In the UK, there is a very popular consumer advice website called MoneySavingExpert. Its founder, Martin Lewis, started the website to offer UK consumers independent advice on the best utility deals and how to cut household bills. Since then, both the website and Martin have grown in influence and are considered ‘consumer champions’.
Why is this relevant to Facebook’s scam-busting service? Well, the two are closely entwined. Martin is the key driver behind the new service after his name and image were used on fake Facebook adverts to coax users into investing in questionable schemes.
Martin was taking Facebook to court when he agreed to drop the legal action if Facebook agreed to launch the tool and donate £3m to fund an anti-scam program in partnership with the UK’s citizen advice.
Facebook’s new tool
Facebook users in the UK will now be able to click the three dots in the top corner of every advert to report a scam. On top of the usual options, such as an explanation of why you’re seeing a particular advertisement, users can ‘send a detailed scam report’ after choosing ‘report ad’ and selecting ‘misleading or scam ad’ as the reason. From here, Facebook has employed a specially-trained team to investigate and shut down false advertisements.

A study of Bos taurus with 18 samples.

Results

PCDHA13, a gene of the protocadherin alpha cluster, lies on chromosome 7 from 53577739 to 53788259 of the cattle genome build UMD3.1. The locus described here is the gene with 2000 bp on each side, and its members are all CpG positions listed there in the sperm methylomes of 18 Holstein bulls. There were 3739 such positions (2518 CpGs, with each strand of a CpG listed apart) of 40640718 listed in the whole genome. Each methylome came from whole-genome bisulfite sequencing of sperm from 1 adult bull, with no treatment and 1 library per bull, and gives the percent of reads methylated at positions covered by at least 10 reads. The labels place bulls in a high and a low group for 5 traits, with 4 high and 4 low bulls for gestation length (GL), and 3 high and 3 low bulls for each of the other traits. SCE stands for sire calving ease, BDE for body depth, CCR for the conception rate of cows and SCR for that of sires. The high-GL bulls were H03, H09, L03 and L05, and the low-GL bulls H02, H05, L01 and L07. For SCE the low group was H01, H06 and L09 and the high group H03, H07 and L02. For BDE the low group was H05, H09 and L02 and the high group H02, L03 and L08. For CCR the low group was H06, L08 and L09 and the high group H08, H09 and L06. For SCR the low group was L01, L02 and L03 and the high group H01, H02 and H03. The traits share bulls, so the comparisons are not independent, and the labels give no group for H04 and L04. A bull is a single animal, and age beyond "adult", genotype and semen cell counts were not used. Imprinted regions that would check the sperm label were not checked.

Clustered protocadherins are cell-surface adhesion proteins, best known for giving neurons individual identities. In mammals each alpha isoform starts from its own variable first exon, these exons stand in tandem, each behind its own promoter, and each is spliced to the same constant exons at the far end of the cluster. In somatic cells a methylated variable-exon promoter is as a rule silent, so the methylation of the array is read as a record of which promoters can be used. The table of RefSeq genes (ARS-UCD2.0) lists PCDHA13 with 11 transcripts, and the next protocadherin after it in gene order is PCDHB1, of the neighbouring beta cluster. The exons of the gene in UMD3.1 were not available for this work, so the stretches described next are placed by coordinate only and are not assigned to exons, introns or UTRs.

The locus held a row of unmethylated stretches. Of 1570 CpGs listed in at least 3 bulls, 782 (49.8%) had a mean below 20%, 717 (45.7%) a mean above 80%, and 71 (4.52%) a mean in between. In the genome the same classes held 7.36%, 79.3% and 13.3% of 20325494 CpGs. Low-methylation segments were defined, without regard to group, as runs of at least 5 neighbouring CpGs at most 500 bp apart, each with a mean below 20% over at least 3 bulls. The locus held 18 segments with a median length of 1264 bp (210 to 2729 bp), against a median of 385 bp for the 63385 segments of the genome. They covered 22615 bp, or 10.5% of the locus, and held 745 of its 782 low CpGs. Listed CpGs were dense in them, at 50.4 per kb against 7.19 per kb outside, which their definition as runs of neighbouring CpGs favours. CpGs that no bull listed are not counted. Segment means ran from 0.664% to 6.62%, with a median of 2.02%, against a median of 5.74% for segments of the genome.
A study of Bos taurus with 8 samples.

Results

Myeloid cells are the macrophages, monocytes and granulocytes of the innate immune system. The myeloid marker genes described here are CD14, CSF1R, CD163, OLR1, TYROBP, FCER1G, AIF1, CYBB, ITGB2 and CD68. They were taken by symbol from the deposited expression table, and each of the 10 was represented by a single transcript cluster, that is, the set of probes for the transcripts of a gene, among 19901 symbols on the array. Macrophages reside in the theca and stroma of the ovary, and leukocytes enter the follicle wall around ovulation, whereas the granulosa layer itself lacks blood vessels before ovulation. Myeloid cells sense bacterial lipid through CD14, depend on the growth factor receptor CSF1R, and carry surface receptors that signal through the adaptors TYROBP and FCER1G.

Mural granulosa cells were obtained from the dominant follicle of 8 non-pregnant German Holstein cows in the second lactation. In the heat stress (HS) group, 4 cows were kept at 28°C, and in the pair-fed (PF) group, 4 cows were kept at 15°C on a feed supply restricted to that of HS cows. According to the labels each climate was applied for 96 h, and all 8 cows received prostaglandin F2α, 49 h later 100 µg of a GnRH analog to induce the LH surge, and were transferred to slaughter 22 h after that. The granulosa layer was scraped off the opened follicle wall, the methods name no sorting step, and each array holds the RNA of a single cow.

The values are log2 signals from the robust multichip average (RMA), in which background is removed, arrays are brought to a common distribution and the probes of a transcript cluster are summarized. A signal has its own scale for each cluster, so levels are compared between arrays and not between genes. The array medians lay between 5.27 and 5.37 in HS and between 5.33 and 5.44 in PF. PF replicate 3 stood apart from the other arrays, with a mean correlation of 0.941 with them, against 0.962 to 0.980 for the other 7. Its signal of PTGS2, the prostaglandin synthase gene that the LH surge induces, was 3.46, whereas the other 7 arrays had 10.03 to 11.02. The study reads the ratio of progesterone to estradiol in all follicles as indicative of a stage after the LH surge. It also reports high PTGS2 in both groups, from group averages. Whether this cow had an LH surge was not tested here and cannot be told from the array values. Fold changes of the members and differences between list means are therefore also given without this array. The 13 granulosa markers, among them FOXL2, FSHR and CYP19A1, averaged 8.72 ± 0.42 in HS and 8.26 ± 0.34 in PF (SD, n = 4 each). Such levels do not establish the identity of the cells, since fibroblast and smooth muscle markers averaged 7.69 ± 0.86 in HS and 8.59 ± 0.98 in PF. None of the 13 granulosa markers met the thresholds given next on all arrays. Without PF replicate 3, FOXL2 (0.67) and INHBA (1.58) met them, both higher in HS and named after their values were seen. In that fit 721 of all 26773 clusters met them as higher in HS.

The tool – and dedicated team – are unique to the UK but there’s no reason why the service won’t be rolled out elsewhere in the future.
What roles does Citizens Advice UK play?
Citizen’s Advice is the benefactor of the £3m funding and as a result will provide one-to-one help online, on the phone or in person for people worried they’re being scammed and those who have already lost money. It will also undertake scams prevention work to identify, tackle and raise awareness of online scams in the UK.
The advice bureau expects to help up to 20,000 people in the first year of the service.